Sunday, November 13, 2011

Vegan Pumpkin Loaf and How to Process Winter Squash

Matt's sister Jessa asked me last week how I prepare pumpkin for pies, and I thought it might be useful to post directions for cooking up pumpkin for use in breads, pies, and other dishes. Fresh, plain pumpkin tastes so much better than store-bought pumpkin pie filling or canned pumpkin, and it's surprisingly easy to prepare. These instructions apply to any kind of pumpkin or winter squash (Matt and I actually prefer to use "true" squashes like Red Kuri and the type below for pies rather than jack-o-lantern type "pie pumpkins." We think the flavor is exponentially better and the texture of the flesh is much smoother and thicker). 

I happen to have photos of the process because on Friday evening Matt and I set about preparing a massive pumpkin we got at the farmer's market, to make up some yummy breads for snacks and breakfasts this week. 
First, preheat your oven to 350 F. Then, using a strong, sharp knife, cut your squash in half or into quarters, depending on how big it is. The pumpkin we were using was so big we just kind of hacked it apart. Scoop out the seeds and stringy flesh from the cavity. You can put the seedy stuff aside at this point to make roasted pumpkin seeds

(Click on Photos to Enlarge)
I love this variety- Queensland Blue. The taste and texture are amazing, and the flesh-to-seed-cavity ratio is great!

Your pumpkin needs to be cut into manageable pieces that will fit into baking dishes and also your oven! We had to rearrange the oven racks and carefully arrange all of this pumpkin to fit it in. The thinner you slice it, the faster it will bake. Bake until you can stab the pumpkin flesh with a fork and meet little to no resistance- our big chunks took about 45 minutes. Also, baking squash releases a lot of moisture, so be prepared for a big cloud of steam when you open the oven!


Remove the baked squash from the oven and let it cool in the pans. Once it is cool enough to be comfortably handled, scoop the flesh away from the rind and into a bowl. I do this with my fingers because the rind is usually so soft at this point that a spoon will puncture it.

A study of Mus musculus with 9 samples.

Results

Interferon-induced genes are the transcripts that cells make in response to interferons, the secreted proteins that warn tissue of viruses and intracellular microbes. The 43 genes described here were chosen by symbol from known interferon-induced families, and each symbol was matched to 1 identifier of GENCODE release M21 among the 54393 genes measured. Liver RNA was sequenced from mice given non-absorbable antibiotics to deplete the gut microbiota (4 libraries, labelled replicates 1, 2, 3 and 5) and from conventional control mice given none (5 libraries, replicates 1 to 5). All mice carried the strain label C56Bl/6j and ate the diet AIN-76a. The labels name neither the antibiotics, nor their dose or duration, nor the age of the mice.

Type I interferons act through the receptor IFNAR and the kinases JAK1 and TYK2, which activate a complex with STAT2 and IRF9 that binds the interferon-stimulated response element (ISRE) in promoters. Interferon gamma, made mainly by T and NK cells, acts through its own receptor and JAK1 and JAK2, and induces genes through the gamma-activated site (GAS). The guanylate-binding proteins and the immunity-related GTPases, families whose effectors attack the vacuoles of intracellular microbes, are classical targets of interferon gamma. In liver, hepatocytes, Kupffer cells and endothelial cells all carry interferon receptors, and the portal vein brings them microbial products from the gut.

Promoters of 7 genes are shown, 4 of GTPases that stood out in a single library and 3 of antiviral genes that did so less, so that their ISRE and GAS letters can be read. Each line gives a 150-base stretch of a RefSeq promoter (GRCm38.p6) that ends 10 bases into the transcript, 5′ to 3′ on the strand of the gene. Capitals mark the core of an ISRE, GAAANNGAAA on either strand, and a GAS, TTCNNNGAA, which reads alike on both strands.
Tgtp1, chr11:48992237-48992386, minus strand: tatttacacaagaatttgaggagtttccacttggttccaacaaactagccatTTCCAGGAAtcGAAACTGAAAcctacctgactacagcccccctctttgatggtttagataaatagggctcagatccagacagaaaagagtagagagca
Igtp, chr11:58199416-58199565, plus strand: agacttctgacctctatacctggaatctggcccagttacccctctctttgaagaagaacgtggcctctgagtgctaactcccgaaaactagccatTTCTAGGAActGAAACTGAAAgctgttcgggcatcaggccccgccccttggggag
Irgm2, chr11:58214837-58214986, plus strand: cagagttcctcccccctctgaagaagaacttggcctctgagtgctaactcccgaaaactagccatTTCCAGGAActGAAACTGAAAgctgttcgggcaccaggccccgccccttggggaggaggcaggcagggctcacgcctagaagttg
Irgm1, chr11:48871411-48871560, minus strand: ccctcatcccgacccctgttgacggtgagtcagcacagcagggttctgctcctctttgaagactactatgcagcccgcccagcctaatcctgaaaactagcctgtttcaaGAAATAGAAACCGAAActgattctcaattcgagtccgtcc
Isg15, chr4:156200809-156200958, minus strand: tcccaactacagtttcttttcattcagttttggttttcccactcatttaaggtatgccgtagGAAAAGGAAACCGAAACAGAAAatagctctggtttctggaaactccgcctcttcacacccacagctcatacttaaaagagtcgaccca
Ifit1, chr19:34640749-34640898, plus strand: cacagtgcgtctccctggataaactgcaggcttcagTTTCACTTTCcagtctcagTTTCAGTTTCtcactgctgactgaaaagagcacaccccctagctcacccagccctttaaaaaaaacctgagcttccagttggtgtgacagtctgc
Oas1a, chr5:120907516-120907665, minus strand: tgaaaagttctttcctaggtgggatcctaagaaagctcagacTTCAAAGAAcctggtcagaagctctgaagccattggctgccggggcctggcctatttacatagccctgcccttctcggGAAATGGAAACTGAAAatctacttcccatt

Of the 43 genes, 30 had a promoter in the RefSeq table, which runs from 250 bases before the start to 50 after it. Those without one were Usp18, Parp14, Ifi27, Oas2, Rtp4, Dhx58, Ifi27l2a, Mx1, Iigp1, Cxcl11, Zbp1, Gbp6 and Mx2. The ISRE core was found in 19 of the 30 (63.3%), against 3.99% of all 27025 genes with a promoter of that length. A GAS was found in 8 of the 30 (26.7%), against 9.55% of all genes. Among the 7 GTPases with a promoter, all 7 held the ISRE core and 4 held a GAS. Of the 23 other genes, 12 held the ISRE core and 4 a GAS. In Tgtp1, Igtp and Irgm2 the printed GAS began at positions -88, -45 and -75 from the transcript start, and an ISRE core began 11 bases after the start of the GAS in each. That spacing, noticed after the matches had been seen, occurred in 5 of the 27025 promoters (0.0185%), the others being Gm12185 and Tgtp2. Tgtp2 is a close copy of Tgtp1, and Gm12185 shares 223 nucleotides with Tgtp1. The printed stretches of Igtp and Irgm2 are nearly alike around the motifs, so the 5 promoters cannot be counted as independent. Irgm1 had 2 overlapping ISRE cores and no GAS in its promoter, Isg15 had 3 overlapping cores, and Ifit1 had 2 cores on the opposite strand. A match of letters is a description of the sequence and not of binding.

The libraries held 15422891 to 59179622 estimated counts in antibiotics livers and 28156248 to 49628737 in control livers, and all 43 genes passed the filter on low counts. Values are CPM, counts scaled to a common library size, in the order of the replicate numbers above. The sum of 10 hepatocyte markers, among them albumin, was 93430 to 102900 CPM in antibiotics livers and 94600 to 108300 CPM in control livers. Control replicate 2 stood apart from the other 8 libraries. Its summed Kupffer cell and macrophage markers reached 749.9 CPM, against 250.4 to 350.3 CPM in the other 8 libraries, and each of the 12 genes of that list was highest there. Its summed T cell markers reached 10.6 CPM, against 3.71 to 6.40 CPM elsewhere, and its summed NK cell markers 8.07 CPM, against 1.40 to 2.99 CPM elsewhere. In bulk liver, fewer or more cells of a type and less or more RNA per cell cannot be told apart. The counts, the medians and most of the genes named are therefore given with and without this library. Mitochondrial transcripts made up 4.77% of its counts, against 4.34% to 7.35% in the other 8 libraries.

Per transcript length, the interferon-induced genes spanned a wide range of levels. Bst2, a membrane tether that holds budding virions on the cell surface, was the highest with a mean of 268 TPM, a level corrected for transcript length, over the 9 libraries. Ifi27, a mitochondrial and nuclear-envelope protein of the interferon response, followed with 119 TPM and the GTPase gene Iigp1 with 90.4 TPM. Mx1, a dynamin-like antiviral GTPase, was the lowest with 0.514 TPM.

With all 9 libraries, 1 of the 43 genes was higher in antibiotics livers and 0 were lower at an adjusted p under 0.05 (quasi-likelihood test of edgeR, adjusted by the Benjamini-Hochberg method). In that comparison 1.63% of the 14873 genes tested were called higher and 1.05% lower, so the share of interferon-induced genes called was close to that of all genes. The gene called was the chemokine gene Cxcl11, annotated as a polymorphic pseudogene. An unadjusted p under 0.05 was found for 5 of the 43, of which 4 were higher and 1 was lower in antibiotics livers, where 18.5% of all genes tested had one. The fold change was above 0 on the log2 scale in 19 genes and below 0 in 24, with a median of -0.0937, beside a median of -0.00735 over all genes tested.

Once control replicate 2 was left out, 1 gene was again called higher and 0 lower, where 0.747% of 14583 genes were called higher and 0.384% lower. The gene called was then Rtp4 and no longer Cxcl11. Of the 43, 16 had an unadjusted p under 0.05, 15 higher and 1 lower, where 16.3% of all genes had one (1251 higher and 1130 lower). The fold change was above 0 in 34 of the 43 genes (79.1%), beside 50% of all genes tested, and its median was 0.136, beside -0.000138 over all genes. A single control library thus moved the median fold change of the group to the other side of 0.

Now you are ready to use your baked squash, or freeze it for use later. You can puree it in a food processor before freezing it, or else freeze it as is, in freezer bags or other containers, to puree and use later. I did a little of both. I used four cups of squash in baking, and still had three large containers' worth to go in the freezer! That one pumpkin cost us $3, and will last us a long time!


Looking at recipes for pumpkin breads, it seemed like almost everything called for at least 3 eggs, and while we had plenty of eggs on hand, I wanted to make them last awhile, so I went looking on the internet for eggless recipes. I found a promising recipe, modified it a bit to cut down on sugar and increase the use of pumpkin, and came with this vegan recipe that is a definite keeper:

5 c. flour 
3 c. brown sugar 
4 tsp. soda 
1 tsp. salt 
1 tsp. cloves 
1 to 3 tsp. cinnamon 
4 1/4 c. solid-pack pumpkin 
1 c. canola oil 
1 to 2 c. chopped walnuts (optional)

Sift the dry ingredients together. Blend in pumpkin and oil. (It's not necessary to puree the pumpkin here, because mixed with the oil it stirs in smoothly). Fold in nuts. Pour into small loaf pans lined with parchment paper or greased and floured. Bake at 350°F for 1 hour or until an inserted knife comes out clean. Makes 3 to 4 loaves.
 
 
This bread is so. good. It came out deliciously moist and perfect for breakfast or with a cup of tea. I got three good loaves out of it, and put one in the freezer, because even we wouldn't be able to eat through all of that before it goes bad! 


Happy pumpkining!

2 comments:

farmer_liz said...

This is perfect timing! We have several pumpkins and squash left over from last Australian summer and I have been wondering what to do with them as its nearly time to plant them again! We got sick of eating them as vegetables, but I hadn't thought of baking with them, we don't tend to do that here (I also like the puree and freeze idea to keep them for later). I remember when we had an American student staying with us and she wanted to bake pumpkin pie but was looking all through the supermarket here for canned pumpkin, its just not something that we use here, so you can't buy it! She didn't know how to make the pie without the canned pumpkin, it seemed so weird to not use fresh ingredients! I'm looking forward to trying some pumpkin baking :) Thanks!

Liz said...

Hi Other Liz! I realize pumpkin pie is a strictly American tradition, but I always wondered why it never caught on elsewhere- it's SO good. Thanksgiving is the week after next, I'll make sure to post a recipe, I encourage you to try it!